The bombardments are very intense. Entire buildings are being destroyed, including one last night right next to the Médecins Sans Frontières (MSF) office. Sometimes people receive a text message in the middle of the night telling them to evacuate their homes, as happened to some of our team members in Gaza. You have to wake up your children in the middle of the night and leave your house, without taking any of your belongings, to get to safety. But very often people don't know where to go; they find themselves outside in the middle of the night, under a hail of bombs. Where can they find safety?
The latest estimates put the number of displaced people at around 200,000, mainly people who have received those SMS messages and whose homes have been destroyed. They need everything: water, a place to shower, food, a mattress to sleep on... in short, these are varied but basic needs.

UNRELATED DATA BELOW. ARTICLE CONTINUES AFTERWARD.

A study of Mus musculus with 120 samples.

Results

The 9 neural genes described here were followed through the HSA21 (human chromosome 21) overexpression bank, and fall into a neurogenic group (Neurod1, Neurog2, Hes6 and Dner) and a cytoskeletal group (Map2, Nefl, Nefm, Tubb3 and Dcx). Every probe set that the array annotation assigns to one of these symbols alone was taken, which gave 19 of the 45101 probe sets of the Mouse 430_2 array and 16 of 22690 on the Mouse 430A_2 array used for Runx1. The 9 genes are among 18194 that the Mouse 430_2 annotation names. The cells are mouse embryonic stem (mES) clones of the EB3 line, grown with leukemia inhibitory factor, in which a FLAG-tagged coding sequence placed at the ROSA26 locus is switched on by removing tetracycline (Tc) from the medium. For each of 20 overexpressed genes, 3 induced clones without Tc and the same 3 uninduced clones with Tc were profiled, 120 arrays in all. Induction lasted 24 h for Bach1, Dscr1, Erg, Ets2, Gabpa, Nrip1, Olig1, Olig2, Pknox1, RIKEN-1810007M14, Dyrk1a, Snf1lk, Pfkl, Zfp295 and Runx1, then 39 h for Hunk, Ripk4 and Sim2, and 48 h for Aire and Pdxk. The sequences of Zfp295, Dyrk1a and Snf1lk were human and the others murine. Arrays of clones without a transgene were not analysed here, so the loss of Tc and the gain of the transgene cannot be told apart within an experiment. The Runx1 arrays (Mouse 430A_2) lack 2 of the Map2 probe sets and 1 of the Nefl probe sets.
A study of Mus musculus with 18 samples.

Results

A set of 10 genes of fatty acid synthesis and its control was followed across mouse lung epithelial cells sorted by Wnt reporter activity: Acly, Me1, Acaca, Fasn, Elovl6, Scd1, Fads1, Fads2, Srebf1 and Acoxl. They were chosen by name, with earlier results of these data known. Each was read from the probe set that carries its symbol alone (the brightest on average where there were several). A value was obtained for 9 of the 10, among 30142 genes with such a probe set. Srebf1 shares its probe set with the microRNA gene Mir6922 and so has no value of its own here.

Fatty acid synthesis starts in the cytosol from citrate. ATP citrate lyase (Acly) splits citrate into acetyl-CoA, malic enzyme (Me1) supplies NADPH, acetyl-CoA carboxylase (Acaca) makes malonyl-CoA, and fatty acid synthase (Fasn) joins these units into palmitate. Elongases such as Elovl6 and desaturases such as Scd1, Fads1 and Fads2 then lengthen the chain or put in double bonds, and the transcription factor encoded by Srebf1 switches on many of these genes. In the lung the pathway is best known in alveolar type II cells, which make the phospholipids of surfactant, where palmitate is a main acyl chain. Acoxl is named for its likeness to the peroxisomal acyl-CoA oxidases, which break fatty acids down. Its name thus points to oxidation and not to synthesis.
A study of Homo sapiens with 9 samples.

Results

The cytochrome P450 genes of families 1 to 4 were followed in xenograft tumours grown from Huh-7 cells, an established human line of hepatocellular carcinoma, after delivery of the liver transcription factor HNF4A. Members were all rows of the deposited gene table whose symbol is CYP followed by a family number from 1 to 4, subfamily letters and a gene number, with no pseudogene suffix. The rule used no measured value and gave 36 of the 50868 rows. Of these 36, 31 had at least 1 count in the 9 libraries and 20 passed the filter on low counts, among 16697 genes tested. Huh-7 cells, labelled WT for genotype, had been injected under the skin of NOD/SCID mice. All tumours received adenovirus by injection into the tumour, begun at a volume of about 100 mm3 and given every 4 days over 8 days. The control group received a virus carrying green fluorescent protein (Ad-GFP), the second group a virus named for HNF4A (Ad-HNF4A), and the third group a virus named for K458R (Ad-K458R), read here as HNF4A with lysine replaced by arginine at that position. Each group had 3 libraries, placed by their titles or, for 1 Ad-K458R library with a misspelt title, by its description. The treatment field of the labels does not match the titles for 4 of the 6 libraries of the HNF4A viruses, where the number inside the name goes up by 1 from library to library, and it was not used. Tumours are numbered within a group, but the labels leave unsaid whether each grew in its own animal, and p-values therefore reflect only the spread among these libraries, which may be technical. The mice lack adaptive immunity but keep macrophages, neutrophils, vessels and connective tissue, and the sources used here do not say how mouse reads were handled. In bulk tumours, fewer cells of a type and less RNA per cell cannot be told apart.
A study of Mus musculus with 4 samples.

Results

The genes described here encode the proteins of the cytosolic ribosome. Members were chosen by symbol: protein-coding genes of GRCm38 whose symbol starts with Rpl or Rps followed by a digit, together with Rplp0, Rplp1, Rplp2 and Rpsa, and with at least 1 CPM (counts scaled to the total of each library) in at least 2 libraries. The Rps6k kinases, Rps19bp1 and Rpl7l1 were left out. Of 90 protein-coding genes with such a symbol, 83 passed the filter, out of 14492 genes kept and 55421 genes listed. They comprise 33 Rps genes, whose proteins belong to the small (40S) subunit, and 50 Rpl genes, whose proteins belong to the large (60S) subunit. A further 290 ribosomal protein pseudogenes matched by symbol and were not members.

Now the Israeli government has decided to completely cut off water and electricity supplies, and the phone network has been badly damaged. This morning, we were unable to reach our teams in Gaza by phone. Inevitably, this all makes it extremely difficult to coordinate rescue operations and access the injured.
In Gaza today, people are terrified. I speak very regularly with our colleagues there. They are very tough people because unfortunately they have lived through a lot of wars, but the current situation is causing them extreme anxiety. They say that this time it's different: they don't see a way out and they wonder how it’s all going to end. They are in terrible mental distress. There aren't words to describe what people are going through.